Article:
Patients will often experience light sensitivity during the first week of recovery from PRK surgery (photorefractive keratectomy) and should experience fully stabilized vision within six months to a year. Because the outer epithelial layer of your cornea is removed completely, PRK recovery takes slightly longer than LASIK recovery, but yields comparable results. Dr. Walter Choate in Goodlettsville, TN, can help you understand what to expect during your immediate and continuing recovery. Being fully informed is the first step towards successful, comfortable treatment.
About 70 percent of patients attain 20/20 vision, and only five percent of patients need corrective eyewear following PRK.
The total healing time for PRK is approximately six to 12 months. Every patient's recovery will vary slightly but you can expect to experience several distinct stages.
Following your PRK procedure, soft contact lenses will be placed as protective barriers until your epithelium regenerates, which typically occurs in three to five days. Dr. Choate will also prescribe anti-inflammatory medications and topical antibiotics to reduce the risk of discomfort and infection. You will notice blurred vision immediately after your procedure. This effect is normal and may linger for up to five days. A friend or family member will need to drive you home following surgery.
Light sensitivity, slight discomfort, and irritation are all normal during the first few days of healing. Many patients experience glare or a halo effect, as well. We will provide you with eye drops and other medications, including detailed post-operative instructions. Resting your eyes and keeping them closed as much as possible will allow the epithelium to regenerate more quickly. For this reason, Dr. Choate recommends recovering at home during the first one to three days.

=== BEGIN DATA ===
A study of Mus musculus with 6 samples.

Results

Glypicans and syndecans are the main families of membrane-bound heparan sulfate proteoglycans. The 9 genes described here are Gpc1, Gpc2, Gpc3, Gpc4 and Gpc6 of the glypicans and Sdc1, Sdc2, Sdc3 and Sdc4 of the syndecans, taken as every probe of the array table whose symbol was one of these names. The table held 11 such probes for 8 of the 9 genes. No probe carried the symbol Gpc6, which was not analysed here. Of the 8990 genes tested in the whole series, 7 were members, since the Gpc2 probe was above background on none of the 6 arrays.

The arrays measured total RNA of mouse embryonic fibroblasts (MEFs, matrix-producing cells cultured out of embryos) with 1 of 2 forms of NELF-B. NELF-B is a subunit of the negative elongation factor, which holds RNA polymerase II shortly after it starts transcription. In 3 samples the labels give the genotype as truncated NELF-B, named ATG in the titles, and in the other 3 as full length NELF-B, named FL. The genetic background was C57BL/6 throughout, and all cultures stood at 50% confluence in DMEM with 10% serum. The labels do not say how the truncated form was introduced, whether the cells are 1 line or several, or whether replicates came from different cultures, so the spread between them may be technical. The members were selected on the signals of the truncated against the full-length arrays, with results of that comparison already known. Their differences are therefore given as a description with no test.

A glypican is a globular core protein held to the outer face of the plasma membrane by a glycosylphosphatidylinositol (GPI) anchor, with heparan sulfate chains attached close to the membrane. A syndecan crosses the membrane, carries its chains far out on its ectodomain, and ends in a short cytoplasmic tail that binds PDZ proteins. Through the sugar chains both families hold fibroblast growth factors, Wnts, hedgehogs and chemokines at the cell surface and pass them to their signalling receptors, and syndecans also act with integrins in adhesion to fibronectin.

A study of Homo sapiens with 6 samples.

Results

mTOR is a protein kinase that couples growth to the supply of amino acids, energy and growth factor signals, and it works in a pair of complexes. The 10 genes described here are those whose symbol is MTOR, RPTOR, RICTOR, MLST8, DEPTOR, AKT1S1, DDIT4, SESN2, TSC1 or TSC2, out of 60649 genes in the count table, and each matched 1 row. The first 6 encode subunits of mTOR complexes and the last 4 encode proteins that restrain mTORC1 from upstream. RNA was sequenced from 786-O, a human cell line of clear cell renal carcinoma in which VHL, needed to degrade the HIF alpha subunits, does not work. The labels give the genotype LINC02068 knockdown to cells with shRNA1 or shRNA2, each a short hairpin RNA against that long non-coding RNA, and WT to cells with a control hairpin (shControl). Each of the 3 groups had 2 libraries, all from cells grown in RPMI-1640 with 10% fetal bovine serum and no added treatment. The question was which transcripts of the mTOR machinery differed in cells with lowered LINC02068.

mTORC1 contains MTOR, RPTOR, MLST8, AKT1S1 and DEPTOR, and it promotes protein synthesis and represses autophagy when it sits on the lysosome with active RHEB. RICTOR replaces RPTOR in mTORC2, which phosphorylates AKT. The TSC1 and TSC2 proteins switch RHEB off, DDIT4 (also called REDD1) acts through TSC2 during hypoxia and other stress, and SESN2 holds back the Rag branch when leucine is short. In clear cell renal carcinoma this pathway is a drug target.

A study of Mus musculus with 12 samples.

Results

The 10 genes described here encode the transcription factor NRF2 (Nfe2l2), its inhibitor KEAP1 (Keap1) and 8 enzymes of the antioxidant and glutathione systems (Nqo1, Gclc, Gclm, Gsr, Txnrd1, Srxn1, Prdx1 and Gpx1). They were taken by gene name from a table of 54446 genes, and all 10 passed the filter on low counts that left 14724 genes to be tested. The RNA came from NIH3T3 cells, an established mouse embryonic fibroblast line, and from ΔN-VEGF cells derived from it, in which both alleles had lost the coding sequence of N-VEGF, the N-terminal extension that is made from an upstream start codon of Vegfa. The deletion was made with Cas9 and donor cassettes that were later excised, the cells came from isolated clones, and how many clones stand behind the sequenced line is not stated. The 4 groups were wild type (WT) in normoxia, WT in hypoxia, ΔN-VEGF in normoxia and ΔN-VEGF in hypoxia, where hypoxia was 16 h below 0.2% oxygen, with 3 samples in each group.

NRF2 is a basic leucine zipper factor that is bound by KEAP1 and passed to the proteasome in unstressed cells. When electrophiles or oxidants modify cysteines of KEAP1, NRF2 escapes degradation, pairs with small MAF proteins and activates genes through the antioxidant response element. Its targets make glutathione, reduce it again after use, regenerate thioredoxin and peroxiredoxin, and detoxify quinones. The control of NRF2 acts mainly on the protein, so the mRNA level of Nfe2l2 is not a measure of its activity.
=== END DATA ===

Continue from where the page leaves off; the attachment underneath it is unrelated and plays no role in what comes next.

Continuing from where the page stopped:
You will visit our office for a follow-up appointment approximately three to five days after the procedure. The soft, protective contact lenses placed after the surgery will be removed and we will examine your corneas to ensure proper healing is taking place. At this point, most or all of your epithelium will have regenerated. Blurry vision is normal at this juncture, but should only be temporary.
Most patients can resume driving again at one to three weeks, though special precautions should be taken since depth perception and vision can fluctuate. Sensitivity and the glaring effect should become more diminished, and your vision should continue to sharpen. As you become used to your new sight, your vision will stabilize.
Your vision should become even more refined, though some patients experience further improvement up to one year, and your need for corrective eyewear will be reduced or completely eliminated. Statistically, about 70 percent of patients attain 20/20 vision, and only five percent of patients need corrective eyewear following PRK surgery.
If you have grown tired of wearing contacts or glasses, you might be a good candidate for corrective vision surgery. Schedule an appointment with Dr. Choate to see if PRK is right for you. Call our office at (615) 851-7575 or contact us online.